If I’m being completely honest and with the exception of their trio of Tempest bottlings, which were simply superb, I’ve struggled to jump for joy or exude enthusiasm for the majority of the other releases from the Bowmore Distillery over the last couple of years.
Now don’t get me wrong, I’ve long been a fan of Bowmore and their impressive dramming back catalogue, but of late it has to be said that I’ve been rather unimpressed and have found their offerings to be somewhat overrated and lacking in consistency and character.
But all is not lost my friends, after much hoping and praying for a return to dramality, it looks as if my prayers to the whisky gods and angels have finally been answered and at this very minute ticks are starting to fill all the right boxes on my figurative Bowmore dramming checklist, huzzah!
What's the reason for this change in opinion you may ask? Well following in the not too distant shadows of their most recent Tempest release batch no:3 from last year, now sees the release of not one, not two but three new travel retail exclusives, including the very fine Bowmore Spring Tide. A dram that takes its name from the high tide of spring, when the earth, sun and moon are all aligned.
The nose kicks off with very subtle strutting whiffs of a dried driftwood beach bonfire, smoked walnuts and something spirity yet satisfyingly sassy.
Chocolate covered raisins and an espresso coffee topped with an alluringly rich thick crema make for the next set of sensations, along with a smell you get from flicking through the almost tea stained tinged coloured pages of an old dust ridden paperback book.
A warm wedge of homemade treacle tart topped with a good zest of orange and a couple of slices of slightly overdone granary toast then provide a reassuring uplifting backbone. But it’s not long before there’s a more balanced, grounded and infused arrival of peppery oak, cloves, anise and something that can only be described as a honied floral wisp.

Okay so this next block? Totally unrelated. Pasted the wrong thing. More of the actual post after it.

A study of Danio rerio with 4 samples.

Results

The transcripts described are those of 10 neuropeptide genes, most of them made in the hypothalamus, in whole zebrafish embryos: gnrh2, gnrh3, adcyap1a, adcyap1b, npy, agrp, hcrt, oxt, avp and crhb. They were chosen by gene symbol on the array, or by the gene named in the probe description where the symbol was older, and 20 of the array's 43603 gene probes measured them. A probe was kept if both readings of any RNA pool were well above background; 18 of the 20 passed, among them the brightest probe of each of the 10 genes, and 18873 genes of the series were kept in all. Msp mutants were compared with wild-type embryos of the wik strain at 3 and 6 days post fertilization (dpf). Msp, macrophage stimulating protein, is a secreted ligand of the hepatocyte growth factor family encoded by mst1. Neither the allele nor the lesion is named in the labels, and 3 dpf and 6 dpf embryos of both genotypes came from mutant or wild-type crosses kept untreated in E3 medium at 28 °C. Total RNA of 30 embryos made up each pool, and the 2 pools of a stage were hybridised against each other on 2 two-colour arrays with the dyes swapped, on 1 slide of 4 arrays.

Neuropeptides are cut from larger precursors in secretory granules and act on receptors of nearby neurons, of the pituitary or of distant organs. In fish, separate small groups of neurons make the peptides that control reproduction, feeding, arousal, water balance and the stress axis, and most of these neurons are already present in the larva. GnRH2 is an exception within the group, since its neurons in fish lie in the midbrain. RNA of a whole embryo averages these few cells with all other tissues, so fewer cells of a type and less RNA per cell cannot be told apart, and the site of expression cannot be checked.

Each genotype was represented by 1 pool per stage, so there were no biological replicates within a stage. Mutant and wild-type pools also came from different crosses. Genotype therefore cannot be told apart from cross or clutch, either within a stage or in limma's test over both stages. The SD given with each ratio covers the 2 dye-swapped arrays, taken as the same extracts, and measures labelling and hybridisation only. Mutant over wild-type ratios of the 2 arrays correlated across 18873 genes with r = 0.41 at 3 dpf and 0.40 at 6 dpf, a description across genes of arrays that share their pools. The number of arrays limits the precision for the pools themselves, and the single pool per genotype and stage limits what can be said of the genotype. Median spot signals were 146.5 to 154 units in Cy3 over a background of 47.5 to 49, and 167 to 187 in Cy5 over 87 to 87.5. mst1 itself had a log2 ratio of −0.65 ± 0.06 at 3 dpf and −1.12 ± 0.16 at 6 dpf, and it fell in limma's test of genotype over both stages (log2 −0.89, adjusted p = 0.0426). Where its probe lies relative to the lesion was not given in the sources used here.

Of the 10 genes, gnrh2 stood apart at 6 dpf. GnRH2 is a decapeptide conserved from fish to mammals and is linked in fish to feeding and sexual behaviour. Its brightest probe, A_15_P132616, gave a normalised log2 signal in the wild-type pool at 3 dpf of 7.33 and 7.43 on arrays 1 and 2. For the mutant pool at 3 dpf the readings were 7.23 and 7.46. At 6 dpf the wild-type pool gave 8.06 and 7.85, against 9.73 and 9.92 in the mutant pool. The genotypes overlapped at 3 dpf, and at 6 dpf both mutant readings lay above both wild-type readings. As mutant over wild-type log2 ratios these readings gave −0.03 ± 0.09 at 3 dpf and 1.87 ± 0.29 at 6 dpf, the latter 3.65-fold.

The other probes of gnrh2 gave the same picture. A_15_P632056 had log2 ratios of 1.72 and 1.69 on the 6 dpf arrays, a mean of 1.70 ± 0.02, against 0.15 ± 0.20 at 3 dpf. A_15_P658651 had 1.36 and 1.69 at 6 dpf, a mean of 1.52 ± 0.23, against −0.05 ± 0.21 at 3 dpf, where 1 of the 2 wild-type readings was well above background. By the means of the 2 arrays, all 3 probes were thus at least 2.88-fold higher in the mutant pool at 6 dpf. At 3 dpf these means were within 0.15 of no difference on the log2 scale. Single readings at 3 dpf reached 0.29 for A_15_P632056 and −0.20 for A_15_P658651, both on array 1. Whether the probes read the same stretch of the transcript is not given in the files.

The palate kicks off with an initial protruding and penetrating puff of smoke, followed by a trickling cavalcade of confected delights in the form of some chocolate salted caramels, a bag of Cadbury’s chocolate eclairs and half the segments from a Terry’s chocolate orange.
Burnt granary toast smeared with lime marmalade and an accompanying mug of Blue Mountain coffee make for the next clutch of palatable pleasures, along with a glug of orange blossom honey and a punnet of Daple Dandy plums.
A sprinkling of ground cloves, a pinch of pepper and a rather brazen bout of wood spice then provide a rather impressive contribution to the overall balance, as does the arrival of a wee nip of dry sherry and something distinctly and dare I say satisfyingly soapy.
There’s a real added bonus to this particular drop of drammage, if your patient enough to let it breath in the glass for ten minutes or so. Infact if you’re not in a hurry and why on earth should you be, you’ll eventually get to experience and enjoy its menthol edged wares, which extend and complement its already long, lingering and suggestively feisty finish even further.